Why am I here?
"Here" is Owensboro, Kentucky, an Ohio River town in Daviess County (pronounced "Davis") in Western Kentucky. I am attending (or, rather, just left) the Owensboro Rotary Foundation's Bourbon Heritage Celebration and Valentine's Day Dinner Dance.
So, why am I here? (Without a date, I might add.)
No, seriously, how come?
I asked this question when I was invited. I asked it again when I got there and my name wasn't on the list. I asked it again as I scanned the room full of men and women I didn't know. (Though all were nicely dressed and many were attractive.)
Then I spotted Tom Fischer of Bourbon Blog. Tom is an earnest and indefatigable bourbon documentarian. If bourbon is being consumed in a public place, Tom and his camera are there. It was nice to see him.
Then I spotted Eric Gregory, the new president of the Kentucky Distillers Association (KDA), and met his number two, Kristin Meadors. I don't know Kristin's exact title, but she is KDA's other employee, representing a 100 percent increase in personnel since Ed O'Daniel's tenure.
Eric and I talked a little about Kentucky's recent decision to become one of the highest tax states in the country for alcoholic beverage consumers, despite Kentucky's status as the leading producer of America's native whiskey. The new sales tax primarily burdens consumers, but it's like a spit in the eye to Kentucky's whiskey producers. As Eric said, "that's no way to treat one of Kentucky's signature industries."
He told me that he recently was in Frankfort and in one room, lawmakers were planning incentives to attract new industries to Kentucky, while in an adjacent room lawmakers were making plans to tax one of Kentucky's best existing industries to death.
Okay, but I could have done all this on the phone. Why am I here?
I came because this event, albeit primarily a fund raiser for the local Rotarians, is the first time Angostura, the new owners of Charles Medley Distillers Kentucky (the new name, conveniently abbreviated for us as CMDK), has let the public in to see what they're up to.
The party was held in the old bottling house, which is slated to be the new visitors center. It's a nice space that comfortably held the 250 guests. They had a display of some CMDK hats and t-shirts, to represent where the gift shop will be. When I drove in there was a nice, new sign, and three lighted flag poles.
So far, that's about it. No one offered to show me anything other than the space we were in, and I'm confident that's because there was nothing else to see. I spent a few minutes with Derek Schneider, the Plant Manager, who is overseeing the refurbishment now and will run the place when it opens. He said it has been slow going and they hope to be fixing up the still house in earnest by fall. Roof repair has taken a lot of attention, as almost every building sustained roof damage in Hurricane Ike last fall.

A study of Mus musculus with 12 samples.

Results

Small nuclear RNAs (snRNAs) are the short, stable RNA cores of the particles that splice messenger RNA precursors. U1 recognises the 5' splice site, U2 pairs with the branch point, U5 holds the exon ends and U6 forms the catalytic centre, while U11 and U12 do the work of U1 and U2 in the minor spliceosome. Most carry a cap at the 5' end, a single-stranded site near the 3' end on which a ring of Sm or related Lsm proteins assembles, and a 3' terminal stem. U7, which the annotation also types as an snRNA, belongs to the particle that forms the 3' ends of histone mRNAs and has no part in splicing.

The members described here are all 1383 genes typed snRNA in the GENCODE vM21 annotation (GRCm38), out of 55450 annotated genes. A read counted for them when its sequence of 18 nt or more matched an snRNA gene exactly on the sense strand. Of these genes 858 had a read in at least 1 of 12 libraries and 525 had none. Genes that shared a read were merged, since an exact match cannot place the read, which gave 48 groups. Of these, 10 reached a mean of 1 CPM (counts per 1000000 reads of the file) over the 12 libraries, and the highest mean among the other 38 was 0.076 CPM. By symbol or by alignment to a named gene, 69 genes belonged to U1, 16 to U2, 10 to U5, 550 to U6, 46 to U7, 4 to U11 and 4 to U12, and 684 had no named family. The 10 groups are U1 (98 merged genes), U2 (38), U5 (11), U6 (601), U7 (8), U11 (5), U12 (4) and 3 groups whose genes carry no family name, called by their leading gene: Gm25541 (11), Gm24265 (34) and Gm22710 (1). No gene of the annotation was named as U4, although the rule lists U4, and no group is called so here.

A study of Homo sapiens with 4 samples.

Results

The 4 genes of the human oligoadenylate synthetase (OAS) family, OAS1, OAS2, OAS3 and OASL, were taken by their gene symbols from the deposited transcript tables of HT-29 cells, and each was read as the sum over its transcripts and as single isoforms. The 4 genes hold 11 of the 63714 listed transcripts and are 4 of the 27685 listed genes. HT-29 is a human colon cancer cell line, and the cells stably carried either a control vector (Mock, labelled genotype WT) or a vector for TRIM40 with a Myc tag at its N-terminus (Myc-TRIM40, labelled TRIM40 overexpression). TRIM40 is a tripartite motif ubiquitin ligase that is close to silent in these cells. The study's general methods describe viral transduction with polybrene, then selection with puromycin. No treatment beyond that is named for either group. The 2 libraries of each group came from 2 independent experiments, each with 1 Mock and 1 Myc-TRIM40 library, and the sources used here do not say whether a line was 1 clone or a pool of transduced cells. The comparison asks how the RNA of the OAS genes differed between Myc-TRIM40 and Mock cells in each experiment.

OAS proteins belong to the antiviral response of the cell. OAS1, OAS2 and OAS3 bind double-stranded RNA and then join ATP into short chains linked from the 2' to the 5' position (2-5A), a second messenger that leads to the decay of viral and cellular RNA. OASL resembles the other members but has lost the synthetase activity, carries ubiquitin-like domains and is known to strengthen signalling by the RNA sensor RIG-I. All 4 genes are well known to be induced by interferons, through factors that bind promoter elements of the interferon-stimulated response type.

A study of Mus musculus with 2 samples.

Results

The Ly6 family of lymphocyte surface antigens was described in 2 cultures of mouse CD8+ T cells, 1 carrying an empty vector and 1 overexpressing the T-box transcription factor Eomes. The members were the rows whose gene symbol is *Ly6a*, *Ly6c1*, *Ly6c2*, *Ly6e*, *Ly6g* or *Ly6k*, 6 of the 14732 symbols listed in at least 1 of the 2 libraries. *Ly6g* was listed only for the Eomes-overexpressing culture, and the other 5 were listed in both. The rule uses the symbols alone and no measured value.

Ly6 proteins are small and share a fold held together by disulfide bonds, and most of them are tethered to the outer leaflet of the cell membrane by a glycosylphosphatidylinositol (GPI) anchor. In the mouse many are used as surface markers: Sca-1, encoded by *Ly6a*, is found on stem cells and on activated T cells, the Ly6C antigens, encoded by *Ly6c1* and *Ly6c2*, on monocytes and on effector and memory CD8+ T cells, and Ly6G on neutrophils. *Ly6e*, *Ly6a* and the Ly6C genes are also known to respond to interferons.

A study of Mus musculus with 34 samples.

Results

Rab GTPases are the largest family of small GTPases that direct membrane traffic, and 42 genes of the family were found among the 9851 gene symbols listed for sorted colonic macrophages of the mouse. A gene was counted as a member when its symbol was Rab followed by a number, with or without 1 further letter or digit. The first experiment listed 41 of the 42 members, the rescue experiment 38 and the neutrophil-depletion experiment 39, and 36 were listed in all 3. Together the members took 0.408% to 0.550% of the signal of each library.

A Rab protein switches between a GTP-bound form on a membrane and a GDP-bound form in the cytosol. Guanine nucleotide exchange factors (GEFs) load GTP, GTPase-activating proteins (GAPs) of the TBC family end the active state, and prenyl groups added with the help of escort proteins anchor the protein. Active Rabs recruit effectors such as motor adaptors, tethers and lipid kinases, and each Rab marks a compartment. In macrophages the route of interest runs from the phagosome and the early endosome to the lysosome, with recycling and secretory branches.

I'll have more details from my chat with Derek later. Trust me, there's no rush.
Maybe the first CMDK new make will be entered into barrels in 2009, but I wouldn't bet on it.
So, all that was good, but worth a 7+ hour drive from Chicago?
Then I sat down for dinner and providence put me next to Dan Medley, whose father, John, was one of the five brothers who ran the Medley company back in the day. He was wearing an official Medley Kentucky Colonel tie, one of the distillery's trademarks in its heyday. (The five Medley brothers would wear nothing else.) He told me his family had researched the history of the distilling industry in Daviess County and determined that it had once contained 150 licensed whiskey distilleries.
Maybe, before too long, it will have one again. Keep your fingers crossed.
Woodford Reserve Master Distiller Chris Morris was also there as a special guest. Chris was at Glenmore after it merged with Medley but before it merged with what is now Diageo, as the brand manager for bourbon, which is the long way to say he worked there when Glenmore owned CMDK, which was the last time CMDK made whiskey. He gave a nice speech about Prohibition and its aftermath, but the speech was a bad idea. The lighting and sound were unsuitable, and the crowd was restless. They were ready to dance.
They did. I left. I looked around for Chris, but I suspect he was already halfway to Louisville by then.